Monday, February 27, 2012


I love the running community. I find it to be helpful and welcoming like no other group of people I've ever encountered. It is a weird subculture with its own lingo, but they are open to letting anyone join in. All you have to do is show up and try. I've written about this in the past. I felt like I was part of the running community long before I considered myself a runner. I've also heard many people who are fast runners comment on how they admire the people to whom running does not come as easily.

Sadly, that attitude doesn't seem to carry over to the everyone at race day. There are always people who take about 75 minutes to finish a 5K and they usually start about 5-15 minutes after the first runners cross the start line. This means that organizers and volunteers who start cleaning up at 60 minutes after the first runners start are doing so at the same time as these runners are struggling to complete their run. Sometimes, the mid-race and post-race refreshments are not there for the people who might need it most.

It's not just the organizers, either. Some of the early finishers start cutting across the course to get home. You should just wait until everyone is finished, or find a way around without cutting in front of runners. There are other early finishers who decide to run the course a second time. Even on their second pass, they're faster than the late starters, so they end up lapping them.

Before you defend these behaviors, think of how you'd feel if you were the person running the 60 minute race. Maybe that person is trying to lose weight and this is part of that journey. Maybe they have physical limitations that make running difficult. Maybe they're not yet in love with running, but realize that it's a great way to exercise. Are your race-day actions welcoming them to the running community, or making them feel demoralized? Will your actions on race day encourage them to run another 5K, or will you push them to hang up their running shoes?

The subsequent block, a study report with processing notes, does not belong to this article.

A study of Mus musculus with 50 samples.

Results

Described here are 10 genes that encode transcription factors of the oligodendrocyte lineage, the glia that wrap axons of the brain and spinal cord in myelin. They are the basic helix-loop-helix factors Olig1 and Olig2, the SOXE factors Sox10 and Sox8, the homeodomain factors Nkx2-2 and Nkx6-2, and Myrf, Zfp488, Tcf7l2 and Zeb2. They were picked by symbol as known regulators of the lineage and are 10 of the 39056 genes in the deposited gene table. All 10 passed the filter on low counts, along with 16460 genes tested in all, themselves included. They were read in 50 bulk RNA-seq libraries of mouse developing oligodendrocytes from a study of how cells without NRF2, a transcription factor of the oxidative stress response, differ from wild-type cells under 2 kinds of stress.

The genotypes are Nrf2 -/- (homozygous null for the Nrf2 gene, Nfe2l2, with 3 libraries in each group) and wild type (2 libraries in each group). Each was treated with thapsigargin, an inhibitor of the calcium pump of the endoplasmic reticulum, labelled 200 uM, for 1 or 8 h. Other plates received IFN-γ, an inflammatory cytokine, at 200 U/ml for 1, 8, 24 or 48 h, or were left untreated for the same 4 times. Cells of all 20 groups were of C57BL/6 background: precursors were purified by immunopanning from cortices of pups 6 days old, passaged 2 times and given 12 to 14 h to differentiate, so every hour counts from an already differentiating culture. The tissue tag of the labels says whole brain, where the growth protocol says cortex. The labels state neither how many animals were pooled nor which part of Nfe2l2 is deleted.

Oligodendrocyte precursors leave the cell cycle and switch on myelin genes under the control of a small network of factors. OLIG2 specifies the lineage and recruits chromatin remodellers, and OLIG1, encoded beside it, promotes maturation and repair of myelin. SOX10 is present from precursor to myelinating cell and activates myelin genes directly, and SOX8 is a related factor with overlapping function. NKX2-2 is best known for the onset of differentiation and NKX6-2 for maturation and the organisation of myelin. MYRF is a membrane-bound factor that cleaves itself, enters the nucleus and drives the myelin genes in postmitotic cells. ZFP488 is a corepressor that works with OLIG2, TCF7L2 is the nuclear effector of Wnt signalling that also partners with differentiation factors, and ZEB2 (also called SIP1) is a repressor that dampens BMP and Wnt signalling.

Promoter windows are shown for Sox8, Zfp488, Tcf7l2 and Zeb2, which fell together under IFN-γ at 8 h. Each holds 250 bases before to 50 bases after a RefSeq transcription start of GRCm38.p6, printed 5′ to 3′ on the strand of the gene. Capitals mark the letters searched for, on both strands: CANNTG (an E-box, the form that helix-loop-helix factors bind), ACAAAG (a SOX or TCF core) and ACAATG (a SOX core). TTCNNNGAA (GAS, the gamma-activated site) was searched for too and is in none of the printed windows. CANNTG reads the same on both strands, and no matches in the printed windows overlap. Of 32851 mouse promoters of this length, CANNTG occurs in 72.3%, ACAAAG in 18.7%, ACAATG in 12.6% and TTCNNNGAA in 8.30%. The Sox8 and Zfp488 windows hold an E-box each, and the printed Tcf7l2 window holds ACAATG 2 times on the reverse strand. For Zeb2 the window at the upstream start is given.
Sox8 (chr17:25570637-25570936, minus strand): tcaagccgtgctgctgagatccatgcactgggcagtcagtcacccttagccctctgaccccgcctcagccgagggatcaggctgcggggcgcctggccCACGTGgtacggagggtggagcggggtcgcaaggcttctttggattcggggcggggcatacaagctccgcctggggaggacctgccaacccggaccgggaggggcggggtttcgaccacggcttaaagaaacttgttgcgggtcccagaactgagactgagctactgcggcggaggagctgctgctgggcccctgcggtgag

I am always reminding of the Runner's World profile of Scott Jurek and this line, "The champion has always been beloved for being supportive of the slower, the more easily fatigued, and the less gifted." In the same article, they talk about him not finishing the 24 track race, but coming back at the end to shake the hands of every finisher and congratulate them.


  1. As someone who started out as a very slow runner, but has progressed to a medium-speed runner, I am always awed by the fortitude of those runners who are determined to finish a race, no matter pace, time, or ranking. Thanks for reminding me to hang out and cheer on all of the runners crossing the finish line -- not just those who finish first.

  2. I agree. I think most of the really fast runners agree, too. I just think that gets lost on race day.

    I'm going to make it a point to stay and cheer on all the runners who finish after me, too. Without clogging the gate.